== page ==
Portola Pharmaceuticals announced on December 19th that the FDA approved the company’s Prior Approval Supplement (PAS) for Bevyxxa (betrixaban) earlier than it was originally scheduled and therefore the commercial launch will initiate in early January. This means that Bevyxxa will imminently bring relief to a patient population with an extremely high unmet need, as currently no anticoagulant therapy is approved for the prophylaxis of venous thromboembolism (VTE) for acute medically ill patients. It also means that Bevyxxa will secure a critical market position in this lucrative space, given the size of this population.

The acutely medically ill population includes patients with heart failure, stroke, infection, pulmonary disease, and overall any patients who are at risk for thromboembolic complications due to moderate or severe restricted mobility in either the hospital setting or post-discharge period. GlobalData epidemiologists estimate that the size of this population in seven major markets (US, France, Germany, Italy, Spain, UK, and Japan) is over 23 million, which is a significantly high number of patients compared with the size of the patient pool requiring VTE treatment after the VTE event has already occurred.

The extended use of Bevyxxa in this large patient population will give Portola a great boost when entering into the novel oral anticoagulant (NOAC) space, where it will compete against established key players, J&J/Bayer’s Xarelto (rivaroxaban), Boehringer Ingelheim’s Pradaxa (dabigatran), BMS’ Eliquis (apixaban), and Daiichi Sankyo’s Savaysa (edoxaban). Although some of these therapies might be used off-label for VTE prophylaxis in acute medically ill patients, none have been granted approval for the treatment of this extended population yet.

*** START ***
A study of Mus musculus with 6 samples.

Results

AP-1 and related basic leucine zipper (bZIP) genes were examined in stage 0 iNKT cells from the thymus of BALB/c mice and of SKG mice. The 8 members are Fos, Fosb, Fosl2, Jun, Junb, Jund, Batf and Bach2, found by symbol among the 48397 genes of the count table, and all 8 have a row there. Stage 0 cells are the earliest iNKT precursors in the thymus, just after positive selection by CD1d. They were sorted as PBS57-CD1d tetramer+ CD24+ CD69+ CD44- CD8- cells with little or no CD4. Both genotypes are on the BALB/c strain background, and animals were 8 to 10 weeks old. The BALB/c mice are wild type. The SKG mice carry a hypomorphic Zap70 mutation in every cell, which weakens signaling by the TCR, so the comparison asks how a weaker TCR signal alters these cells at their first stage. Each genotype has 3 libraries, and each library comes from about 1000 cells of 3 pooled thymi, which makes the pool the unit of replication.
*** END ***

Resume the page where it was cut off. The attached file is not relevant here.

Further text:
In addition, the upcoming launch of Portola’s own Factor Xa reversal agent/antidote, andexanet alfa, which is currently in the pre-registration phase in the US and EU, will further boost Bevyxxa’s prospects. Since the approval of the first NOAC, Pradaxa, there has always been a level of hesitation among physicians and patients, mainly because of the lack of a reversal agent in the event of traumatic bleeding. Therefore, despite Portola being a relatively small company, with the approval of Bevyxxa in this large patient population with high unmet needs combined with the soon-to-come antidote that will offer an additional level of security to patients and physicians, the company is in a great position to conquer a large chunk of the lucrative VTE prophylaxis space.